BAIA BITS: Annie Lee


Little Moments Where Knowledge Meets Art

On a cold winter morning in Illinois in the 1970s, Annie Frances Lee did not want to go to work. But as Chief Clerk in the Engineering Department of Northwestern Railroad, she had little choice, so her feelings manifested in the popular painting, Blue Monday, portraying a weary woman struggling to pull herself out of bed.

Born in 1935 in Gadsden, Alabama, Lee was raised by a single parent and grew up in Chicago. Although she began painting at an early age and won an art competition at age 10, after high school, Lee turned down a full scholarship from Northwestern University to get married and raise a family.

Fast forward two decades as the 40 year-old decided to return to school and pursue a career as an artist. Still working her railroad job, Lee completed eight years of night classes to earn a master’s degree in interdisciplinary arts education from Loyola University. Two years later, the 50 year-old artist had her first gallery show before going on to produce high fashion dolls, decorative housewares, figurines, and what would become her trademark paintings of faces with no features. 


Blue Monday by Annie Lee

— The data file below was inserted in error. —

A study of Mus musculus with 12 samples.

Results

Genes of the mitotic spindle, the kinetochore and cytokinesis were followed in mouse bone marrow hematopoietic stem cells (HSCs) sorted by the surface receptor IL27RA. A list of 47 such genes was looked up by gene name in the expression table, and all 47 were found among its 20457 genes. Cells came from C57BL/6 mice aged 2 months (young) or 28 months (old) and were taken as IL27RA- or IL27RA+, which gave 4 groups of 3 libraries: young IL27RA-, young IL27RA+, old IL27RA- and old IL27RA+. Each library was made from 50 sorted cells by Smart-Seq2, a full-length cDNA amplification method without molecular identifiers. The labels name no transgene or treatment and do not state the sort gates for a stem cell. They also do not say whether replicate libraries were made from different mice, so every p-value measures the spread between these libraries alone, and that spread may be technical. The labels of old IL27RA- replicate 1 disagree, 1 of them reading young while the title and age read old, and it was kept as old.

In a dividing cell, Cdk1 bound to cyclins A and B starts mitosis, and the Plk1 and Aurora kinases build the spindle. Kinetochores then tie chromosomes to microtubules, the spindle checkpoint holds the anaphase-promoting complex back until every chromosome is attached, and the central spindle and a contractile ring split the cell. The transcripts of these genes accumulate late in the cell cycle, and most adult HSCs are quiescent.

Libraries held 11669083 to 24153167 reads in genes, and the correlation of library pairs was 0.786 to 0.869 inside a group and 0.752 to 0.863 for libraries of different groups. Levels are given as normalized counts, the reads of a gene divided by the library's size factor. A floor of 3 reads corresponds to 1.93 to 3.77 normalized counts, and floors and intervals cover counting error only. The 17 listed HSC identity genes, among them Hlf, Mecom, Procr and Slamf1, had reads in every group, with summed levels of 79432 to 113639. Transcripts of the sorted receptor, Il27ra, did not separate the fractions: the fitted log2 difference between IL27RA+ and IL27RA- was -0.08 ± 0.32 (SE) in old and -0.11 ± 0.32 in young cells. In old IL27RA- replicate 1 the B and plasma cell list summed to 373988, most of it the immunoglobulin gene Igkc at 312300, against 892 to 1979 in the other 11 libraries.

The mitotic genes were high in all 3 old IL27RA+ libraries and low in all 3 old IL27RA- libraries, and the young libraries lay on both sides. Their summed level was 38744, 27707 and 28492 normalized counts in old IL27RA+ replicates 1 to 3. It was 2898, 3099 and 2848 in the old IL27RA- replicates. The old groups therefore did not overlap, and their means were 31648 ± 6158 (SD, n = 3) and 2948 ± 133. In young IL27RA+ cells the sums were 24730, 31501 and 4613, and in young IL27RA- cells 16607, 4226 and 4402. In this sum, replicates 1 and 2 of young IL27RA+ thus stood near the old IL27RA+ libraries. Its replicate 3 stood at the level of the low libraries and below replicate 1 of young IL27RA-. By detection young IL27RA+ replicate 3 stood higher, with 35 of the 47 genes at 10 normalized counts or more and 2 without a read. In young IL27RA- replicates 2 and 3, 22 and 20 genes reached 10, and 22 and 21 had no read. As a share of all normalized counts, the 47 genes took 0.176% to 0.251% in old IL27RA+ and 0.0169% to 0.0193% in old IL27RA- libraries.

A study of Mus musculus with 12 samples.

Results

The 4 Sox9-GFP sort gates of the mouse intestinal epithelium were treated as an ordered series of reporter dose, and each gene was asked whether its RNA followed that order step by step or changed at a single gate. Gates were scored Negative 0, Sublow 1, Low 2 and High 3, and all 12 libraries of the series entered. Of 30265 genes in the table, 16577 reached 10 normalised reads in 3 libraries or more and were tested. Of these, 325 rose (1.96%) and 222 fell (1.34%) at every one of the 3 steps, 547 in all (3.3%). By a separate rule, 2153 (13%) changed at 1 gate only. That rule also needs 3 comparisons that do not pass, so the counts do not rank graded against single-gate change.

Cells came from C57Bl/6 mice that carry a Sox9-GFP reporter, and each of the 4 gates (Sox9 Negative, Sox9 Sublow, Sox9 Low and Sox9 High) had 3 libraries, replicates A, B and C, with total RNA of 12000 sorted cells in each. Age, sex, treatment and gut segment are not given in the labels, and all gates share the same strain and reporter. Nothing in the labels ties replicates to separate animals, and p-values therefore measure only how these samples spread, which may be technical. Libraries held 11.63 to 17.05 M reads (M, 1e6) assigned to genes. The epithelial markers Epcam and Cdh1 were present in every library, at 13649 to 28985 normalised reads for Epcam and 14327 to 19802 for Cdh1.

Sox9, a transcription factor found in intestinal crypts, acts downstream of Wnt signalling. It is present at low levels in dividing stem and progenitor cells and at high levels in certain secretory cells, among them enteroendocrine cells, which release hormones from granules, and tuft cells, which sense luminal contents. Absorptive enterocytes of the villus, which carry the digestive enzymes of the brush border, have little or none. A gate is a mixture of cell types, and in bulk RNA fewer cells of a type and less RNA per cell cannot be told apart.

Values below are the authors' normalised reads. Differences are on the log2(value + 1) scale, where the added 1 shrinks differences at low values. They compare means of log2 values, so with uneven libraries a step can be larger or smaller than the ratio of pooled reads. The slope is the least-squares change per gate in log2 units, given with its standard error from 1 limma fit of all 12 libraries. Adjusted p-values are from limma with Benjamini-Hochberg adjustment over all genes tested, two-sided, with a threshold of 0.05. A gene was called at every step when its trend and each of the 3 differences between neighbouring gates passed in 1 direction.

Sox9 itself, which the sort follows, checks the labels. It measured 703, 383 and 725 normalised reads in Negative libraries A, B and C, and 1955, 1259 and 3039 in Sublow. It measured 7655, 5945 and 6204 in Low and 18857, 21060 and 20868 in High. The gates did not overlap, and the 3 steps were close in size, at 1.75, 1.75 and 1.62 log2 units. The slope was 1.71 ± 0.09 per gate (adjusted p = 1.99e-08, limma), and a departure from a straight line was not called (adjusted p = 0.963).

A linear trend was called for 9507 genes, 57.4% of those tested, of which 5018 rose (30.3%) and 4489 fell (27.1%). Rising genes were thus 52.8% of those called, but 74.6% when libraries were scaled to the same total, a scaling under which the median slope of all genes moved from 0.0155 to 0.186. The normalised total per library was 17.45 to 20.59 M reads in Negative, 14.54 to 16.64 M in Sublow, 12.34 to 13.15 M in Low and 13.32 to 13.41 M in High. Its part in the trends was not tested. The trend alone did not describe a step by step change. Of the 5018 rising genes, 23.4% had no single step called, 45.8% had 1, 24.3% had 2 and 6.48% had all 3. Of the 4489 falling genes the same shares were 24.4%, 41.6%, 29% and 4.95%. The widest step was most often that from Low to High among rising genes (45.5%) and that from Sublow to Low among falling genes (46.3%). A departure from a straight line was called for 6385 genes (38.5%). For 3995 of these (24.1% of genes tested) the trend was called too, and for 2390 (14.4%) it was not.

As her work increased in popularity, the artist now known as “Annie Lee” opened Annie Lee and Friends Gallery where she showed her own works and works by others. In the 1980s and 90s, a number of her paintings began appearing on such popular television shows such as The Cosby Show, A Different World, and ER, and in the Eddie Murphy films, Coming to America and Boomerang. Lee’s popularity soared as she made public appearances, visited galleries, and toured schools.

The legendary artist once offered the following: “God did this through me. You have to have faith. I never thought I would leave the railroad, but it was the best thing I ever did. It was hard to leave the security, but you have to take a leap of faith.”

Annie Lee departed this world on November 14, 2014 at the age of 79.